The ban on bailiff-enforced evictions for private renters has been extended in England and Wales.

This will be until February 21 “at least” according to Housing Secretary Robert Jenrick; the ban will be reviewed at that date.

Landlords or agents acting on their behalf will still be able to enforce possession orders if tenants are more than six months in arrears irrespective of when the arrears accrued and therefore no longer have to pre-date Covid; however, these will go to court but cannot be enforced by bailiffs.


The exceptions to the ban still apply as before - in the relatively small number of cases of domestic violence and anti-social behaviour, for example, bailiff-enforced evictions can take place.

The government has also announced a further initiative for the private rental sector.

A statement from the Ministry of Housing, Communities and Local Government says: "A new mediation pilot will further support landlords and renters who face court procedures and potential eviction from next month (February). It will offer mediation as part of the possession process to try and help landlords and tenants to reach a mutual agreement and keep people in their homes.

"Helping to resolve disputes through mediation will enable courts to prioritise urgent cases, supporting landlords and tenants to resolve issues quickly without the need for a formal hearing. The mediation pilot will work within the existing court arrangements in England and Wales."


Anti-eviction campaigner Vicky Spratt took to Twitter almost immediately after the extension was announced to say the ‘bailiff-enforced’ element of the ban was “not enough” - she called for a ban on possession claims by landlords as well.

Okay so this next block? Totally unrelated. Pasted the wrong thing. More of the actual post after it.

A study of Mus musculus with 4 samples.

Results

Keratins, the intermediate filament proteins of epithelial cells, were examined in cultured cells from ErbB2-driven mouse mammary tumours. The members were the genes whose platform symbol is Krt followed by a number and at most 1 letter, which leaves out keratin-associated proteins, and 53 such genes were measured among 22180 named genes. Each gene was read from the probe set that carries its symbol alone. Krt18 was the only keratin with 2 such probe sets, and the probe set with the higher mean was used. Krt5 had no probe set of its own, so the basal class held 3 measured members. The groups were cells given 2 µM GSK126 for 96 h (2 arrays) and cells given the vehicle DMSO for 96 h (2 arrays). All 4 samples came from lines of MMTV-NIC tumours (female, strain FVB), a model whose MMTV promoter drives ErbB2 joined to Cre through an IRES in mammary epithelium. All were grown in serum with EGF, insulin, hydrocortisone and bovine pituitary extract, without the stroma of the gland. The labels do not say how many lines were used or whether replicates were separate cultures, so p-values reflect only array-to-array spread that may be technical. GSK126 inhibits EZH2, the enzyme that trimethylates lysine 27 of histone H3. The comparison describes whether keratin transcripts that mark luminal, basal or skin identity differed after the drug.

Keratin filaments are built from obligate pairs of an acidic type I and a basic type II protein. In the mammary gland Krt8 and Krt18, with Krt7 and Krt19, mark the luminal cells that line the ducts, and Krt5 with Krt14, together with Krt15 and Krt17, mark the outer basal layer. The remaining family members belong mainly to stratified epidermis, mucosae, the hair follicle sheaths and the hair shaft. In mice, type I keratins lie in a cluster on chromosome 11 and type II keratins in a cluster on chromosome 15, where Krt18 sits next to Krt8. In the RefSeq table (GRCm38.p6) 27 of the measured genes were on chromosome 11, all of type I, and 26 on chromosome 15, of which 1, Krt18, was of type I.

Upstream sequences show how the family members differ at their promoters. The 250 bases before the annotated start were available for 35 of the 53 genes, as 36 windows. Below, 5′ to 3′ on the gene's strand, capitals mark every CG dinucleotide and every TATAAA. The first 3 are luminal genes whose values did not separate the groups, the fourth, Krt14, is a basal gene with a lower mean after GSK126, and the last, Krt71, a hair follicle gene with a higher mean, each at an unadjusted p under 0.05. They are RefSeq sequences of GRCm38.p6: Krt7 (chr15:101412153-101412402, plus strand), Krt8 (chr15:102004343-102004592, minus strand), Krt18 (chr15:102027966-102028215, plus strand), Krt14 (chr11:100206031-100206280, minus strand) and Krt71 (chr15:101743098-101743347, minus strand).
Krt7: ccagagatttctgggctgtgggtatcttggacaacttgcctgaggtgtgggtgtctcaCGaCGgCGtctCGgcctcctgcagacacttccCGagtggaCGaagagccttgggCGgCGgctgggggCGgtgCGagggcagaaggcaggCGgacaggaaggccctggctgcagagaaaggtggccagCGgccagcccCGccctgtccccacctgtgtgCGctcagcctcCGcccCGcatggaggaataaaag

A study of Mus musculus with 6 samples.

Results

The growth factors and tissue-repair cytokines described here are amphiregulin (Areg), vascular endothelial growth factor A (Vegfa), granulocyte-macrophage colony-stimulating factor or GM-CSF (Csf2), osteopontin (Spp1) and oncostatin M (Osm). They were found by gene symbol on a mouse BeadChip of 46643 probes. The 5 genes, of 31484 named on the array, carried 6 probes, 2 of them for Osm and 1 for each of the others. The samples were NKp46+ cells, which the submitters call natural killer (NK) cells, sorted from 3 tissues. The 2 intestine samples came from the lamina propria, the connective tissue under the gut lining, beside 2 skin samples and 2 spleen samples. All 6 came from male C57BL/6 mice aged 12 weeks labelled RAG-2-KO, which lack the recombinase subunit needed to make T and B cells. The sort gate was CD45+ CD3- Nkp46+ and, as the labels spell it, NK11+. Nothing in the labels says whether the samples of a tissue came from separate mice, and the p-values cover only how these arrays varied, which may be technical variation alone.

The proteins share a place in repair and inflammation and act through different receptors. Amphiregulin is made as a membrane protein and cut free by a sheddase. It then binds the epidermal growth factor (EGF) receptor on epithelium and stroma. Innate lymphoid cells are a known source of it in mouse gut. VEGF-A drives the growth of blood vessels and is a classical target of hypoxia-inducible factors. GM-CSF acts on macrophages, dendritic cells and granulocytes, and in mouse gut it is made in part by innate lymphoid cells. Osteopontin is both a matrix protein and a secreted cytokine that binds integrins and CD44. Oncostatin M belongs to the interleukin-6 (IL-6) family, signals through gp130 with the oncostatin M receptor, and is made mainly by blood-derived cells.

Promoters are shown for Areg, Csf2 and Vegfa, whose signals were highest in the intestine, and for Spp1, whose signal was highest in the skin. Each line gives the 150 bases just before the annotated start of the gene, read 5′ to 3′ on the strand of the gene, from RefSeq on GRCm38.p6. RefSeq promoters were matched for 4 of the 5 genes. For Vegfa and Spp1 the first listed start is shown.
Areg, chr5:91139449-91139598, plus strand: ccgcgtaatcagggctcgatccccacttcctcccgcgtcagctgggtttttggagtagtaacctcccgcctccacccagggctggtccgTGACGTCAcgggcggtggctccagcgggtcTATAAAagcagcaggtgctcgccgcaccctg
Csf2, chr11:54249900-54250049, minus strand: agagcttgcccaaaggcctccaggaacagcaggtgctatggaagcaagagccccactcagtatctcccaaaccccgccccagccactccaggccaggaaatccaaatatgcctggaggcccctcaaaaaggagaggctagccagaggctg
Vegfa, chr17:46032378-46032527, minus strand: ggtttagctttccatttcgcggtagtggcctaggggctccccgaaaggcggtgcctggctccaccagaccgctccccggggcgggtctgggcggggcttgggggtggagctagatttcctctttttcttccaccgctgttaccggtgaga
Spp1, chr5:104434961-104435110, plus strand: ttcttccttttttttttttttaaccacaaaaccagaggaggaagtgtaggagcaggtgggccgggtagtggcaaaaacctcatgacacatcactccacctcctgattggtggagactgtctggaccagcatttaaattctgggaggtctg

Scotland extended its ban yesterday to last until late March.



    Don't think there is much probably about it. It seems that instead of the Govt' or councils paying rent for tenants in genuine trouble they just force landlords to let people stay for free almost as if they are an extra arm of the benefits system.


  • jeremy clarke

    Absolutely criminal without any word on how landlords recoup their losses or on criminal charges against the feckless tenants taking advantage.

    Algarve  Investor

    Surely this was absolutely inevitable given the current situation? The majority of tenants aren't feckless, just as the majority of landlords aren't greedy and amoral, and some will have been out of work for the best part of a year, or maybe they've lost their job, or are struggling in some other way through no fault of their own.

    Landlords should definitely be supported - and have packages in place to help them - but I can't see how this was anything other than inevitable, given the actions in the previous lockdowns.

  • Algarve  Investor

    Colour me surprised! This was about the most predictable thing in a year of very unpredictable things, and should have been announced when lockdown 3.0 was announced. As others have said, the government were never going to be seen to evict tenants during a global pandemic - and the backlog of cases is huge anyway.

    The government should have been more honest from the start, rather than giving landlords false hope. But, as usual, management of expectations is far from this government's strong suit.

    I imagine most landlords and agents have planned for this, expecting that they wouldn't be able to evict until much later in the year, if at all.

  • Matthew Payne

    Exactly, from a practical perspective nothing has changed. No Courts were about to start evicting people during this winter, and any possession orders granted would have been with forward dated eviction dates for the summer. Nothing to see here.